There’s a lot of truth in birds flocking together because of their feathers and in others knowing you by the company you keep. And the more passionate you are about your goals and plans, the more important it is to know enough about yourself to determine the kinds of people to keep near you. A recent conversation with an aspiring entrepreneur reminds us to build a support system to keep us on track in attaining our goals, and here’s how she is mastering this technique for her progress.
On a New Year’s Eve photo walkabout with an up-and-coming photographer, I learned a lot about how important it is to meet and enroll likeminded people in efforts to achieve anything you believe you can. She reaches out to photographers at every opportunity, picks their brains, shares her hopes and dreams with them, and gives them a chance either to mentor her or to pat her on the head, tell her something positive, and move on with their lives. It’s how she, whether consciously or not, invites those who build her up and encourage her to develop and grow and discards those who have no interest in seeing her prosper. And she’s gotten very good at it.
When I asked her what she hopes to get out of practicing photography, she replied that she wants “to get better at it.” Why, though? “I want to start a photography business and shoot weddings” and such. (Of course, I told her she could start the business anyway. No sense in waiting for some magic moment to do that, right?) Later, I asked what she was doing to stay focused and motivated to achieve that goal, and she used the analogy of an exercise buddy. She said that like an exercise buddy, who goes to the gym or goes running or swimming or whatever with you, a photo exercise buddy would go on walkabouts and photo shoots and actual assignments with her. Sometimes the buddy is merely along for the ride as moral support. Other times the buddy might give useful tips or hints for improving technique. And still other times, the buddy could be a source of energy and inspiration for the next challenge.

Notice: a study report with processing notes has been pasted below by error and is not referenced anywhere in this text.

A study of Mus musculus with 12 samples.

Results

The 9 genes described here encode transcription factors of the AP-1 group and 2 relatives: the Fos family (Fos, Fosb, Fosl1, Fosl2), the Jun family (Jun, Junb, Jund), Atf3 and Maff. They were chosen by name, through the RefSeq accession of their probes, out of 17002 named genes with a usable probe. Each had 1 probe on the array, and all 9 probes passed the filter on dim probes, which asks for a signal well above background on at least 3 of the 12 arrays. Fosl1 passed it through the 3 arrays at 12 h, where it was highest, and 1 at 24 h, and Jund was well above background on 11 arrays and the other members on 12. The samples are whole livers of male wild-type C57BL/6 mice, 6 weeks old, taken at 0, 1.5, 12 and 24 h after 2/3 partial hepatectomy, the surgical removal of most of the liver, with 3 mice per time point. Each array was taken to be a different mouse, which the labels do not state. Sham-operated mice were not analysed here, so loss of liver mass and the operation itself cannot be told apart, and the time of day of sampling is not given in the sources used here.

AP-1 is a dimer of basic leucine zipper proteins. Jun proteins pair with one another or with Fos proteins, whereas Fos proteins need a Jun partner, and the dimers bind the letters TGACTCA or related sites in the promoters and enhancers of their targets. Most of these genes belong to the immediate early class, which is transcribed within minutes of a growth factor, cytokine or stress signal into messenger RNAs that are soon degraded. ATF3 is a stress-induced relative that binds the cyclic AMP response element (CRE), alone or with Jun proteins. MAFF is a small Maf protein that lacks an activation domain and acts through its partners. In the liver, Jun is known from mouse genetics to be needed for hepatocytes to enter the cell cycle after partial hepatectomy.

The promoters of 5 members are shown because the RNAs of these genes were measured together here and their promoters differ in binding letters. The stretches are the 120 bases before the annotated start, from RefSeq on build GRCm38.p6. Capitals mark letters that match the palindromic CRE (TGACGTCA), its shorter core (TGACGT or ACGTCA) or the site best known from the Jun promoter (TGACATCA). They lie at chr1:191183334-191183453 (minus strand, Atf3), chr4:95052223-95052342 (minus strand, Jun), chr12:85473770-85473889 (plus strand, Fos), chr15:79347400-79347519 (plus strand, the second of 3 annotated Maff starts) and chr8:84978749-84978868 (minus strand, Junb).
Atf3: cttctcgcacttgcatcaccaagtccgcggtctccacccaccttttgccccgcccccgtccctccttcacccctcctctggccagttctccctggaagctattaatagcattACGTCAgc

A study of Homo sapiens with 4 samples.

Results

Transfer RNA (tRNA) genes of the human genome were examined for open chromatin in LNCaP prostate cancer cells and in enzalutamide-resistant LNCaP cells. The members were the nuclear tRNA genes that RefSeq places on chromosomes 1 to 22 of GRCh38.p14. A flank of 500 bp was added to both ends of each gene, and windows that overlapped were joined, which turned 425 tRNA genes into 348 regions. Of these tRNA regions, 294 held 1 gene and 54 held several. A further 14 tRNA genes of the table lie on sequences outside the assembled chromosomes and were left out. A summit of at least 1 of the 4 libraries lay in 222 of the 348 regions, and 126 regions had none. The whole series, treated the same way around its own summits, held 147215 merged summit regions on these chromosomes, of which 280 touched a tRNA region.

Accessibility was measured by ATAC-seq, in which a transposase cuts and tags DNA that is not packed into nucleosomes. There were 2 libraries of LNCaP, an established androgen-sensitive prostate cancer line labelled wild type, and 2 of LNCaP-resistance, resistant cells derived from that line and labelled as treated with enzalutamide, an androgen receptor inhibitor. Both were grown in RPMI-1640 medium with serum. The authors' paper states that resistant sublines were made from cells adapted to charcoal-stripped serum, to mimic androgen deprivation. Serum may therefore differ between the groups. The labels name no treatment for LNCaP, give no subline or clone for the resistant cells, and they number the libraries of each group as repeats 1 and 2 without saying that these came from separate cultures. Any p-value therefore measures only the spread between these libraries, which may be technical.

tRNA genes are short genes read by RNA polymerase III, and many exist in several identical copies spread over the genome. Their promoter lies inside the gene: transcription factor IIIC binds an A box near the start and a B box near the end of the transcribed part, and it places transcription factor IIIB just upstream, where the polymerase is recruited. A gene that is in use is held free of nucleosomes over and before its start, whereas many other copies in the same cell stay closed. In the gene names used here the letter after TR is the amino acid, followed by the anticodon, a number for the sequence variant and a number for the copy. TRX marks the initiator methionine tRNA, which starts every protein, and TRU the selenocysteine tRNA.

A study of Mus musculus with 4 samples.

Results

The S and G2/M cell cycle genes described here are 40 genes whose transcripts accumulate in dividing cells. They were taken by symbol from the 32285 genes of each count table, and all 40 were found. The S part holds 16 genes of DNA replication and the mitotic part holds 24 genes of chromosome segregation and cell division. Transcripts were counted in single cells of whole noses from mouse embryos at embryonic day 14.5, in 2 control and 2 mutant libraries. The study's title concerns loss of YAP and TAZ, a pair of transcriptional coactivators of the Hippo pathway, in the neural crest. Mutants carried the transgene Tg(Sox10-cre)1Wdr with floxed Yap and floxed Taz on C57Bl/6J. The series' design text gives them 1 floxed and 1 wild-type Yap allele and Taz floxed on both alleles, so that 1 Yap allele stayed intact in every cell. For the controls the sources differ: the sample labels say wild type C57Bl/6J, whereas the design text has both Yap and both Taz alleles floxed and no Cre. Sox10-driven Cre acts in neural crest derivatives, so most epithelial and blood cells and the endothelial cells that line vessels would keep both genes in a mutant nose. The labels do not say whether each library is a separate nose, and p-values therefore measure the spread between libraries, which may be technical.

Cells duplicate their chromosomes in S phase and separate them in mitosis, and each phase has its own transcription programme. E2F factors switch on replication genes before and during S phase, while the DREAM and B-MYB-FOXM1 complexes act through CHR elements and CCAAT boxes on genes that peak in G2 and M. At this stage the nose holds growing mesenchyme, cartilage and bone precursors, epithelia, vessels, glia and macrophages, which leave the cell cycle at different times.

That’s a lesson worth sharing with anyone with passions. It doesn’t even matter what your goal or life plan is. It doesn’t matter whether you’re in school or at two jobs or in between ventures. The message is the same: get an “exercise” buddy who shares your drive and enthusiasm. Share the dream, share the adventure, and share the victory. Could you do some things faster on your own? Sure. Could you get a lot done without someone else over your shoulder or otherwise slowing you down? Absolutely. Can you more quickly and readily account for yourself than coordinate schedules and timing with someone else? Yep.
How far will that take you, though? Because when you reach the end of your capabilities, of your skills and knowledge and talents, how do you get past the next hurdle or challenge? when you reach the edge of your comfort zone, how do you find the strength and courage to step beyond it toward real achievement? Take a page from my friend’s book and mirror the attitude of the African proverb: “If you want to go fast, go alone. If you want to go far, go together.” Take some time today to analyze your goals and start writing the names of exercise buddies whom you can enlist to help keep you on track. Share the victory; the triumph is still yours.